We have probably all experienced, at least once in our life, a feeling of happiness while watching waves crashing on a beach, or while walking among the trees in a forest, or while lying in a field and looking up at the sky. The biological term for this instinctive sense of fulfilment is ‘biophilia’.
Biophilia simply means that human beings, and especially children, have an innate tendency to seek connections with nature and other life forms. All we have to do is observe a child’s reaction when they stand at the edge of a pond, if we let them peek into a bird’s nest, or help them turn over a rotting log to look underneath: their surprise and joy at the life they discover ‘hidden’ in nature is immediate and wonderful to witness.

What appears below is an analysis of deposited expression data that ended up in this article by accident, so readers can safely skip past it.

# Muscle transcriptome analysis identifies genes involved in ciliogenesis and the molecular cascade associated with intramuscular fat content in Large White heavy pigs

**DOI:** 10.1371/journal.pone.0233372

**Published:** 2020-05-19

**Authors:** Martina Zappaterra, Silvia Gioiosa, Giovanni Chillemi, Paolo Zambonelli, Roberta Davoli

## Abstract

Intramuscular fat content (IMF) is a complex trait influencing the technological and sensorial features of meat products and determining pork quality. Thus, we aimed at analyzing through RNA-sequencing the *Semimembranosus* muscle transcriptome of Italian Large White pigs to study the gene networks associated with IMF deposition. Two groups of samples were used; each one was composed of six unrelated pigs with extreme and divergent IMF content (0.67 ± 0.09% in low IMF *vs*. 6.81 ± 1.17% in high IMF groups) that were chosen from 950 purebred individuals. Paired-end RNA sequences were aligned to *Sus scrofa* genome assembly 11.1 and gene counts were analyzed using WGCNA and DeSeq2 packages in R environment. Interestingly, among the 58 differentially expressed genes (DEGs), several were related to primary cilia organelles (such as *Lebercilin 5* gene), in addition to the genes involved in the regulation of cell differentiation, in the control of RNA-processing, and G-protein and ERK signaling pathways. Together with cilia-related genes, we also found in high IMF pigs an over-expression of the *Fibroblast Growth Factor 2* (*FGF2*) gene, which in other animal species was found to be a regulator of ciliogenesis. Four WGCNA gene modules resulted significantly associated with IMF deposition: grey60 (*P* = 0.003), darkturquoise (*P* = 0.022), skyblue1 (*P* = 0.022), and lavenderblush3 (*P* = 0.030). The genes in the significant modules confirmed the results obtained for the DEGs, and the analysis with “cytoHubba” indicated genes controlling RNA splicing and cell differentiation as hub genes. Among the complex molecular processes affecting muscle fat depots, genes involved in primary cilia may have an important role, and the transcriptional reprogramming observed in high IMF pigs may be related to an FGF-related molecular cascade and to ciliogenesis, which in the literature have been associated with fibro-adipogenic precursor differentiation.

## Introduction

Many of us live in towns or cities that offer little chance to connect with nature, because everything around us often seems to have been created, or at least heavily manipulated, by humans. Wherever we are, however, there are always plenty of opportunities to let children turn over a rock, for instance, and observe life in nature, even if we are surrounded by the uninterrupted sounds of cars passing by in the background.
If we are really honest, what usually stops us from connecting with nature is a lack of time, and children are typically just as busy as adults nowadays with school, sports, and music classes. These endless commitments tend to make us a little lazy, because at the end of a busy day, lounging on the sofa is usually more tempting than going for a walk in the park. Still, if we do manage to go outside, the rewards are truly enormous, as we remember that we are creatures of the Earth and are intrinsically connected to the natural world: building a strong relationship with nature satisfies our innate desire to feel that we belong to something bigger than ourselves. Every time a child turns over a rock, and takes a closer look at what is underneath, it helps them to strengthen this relationship with that sense of ‘something bigger’.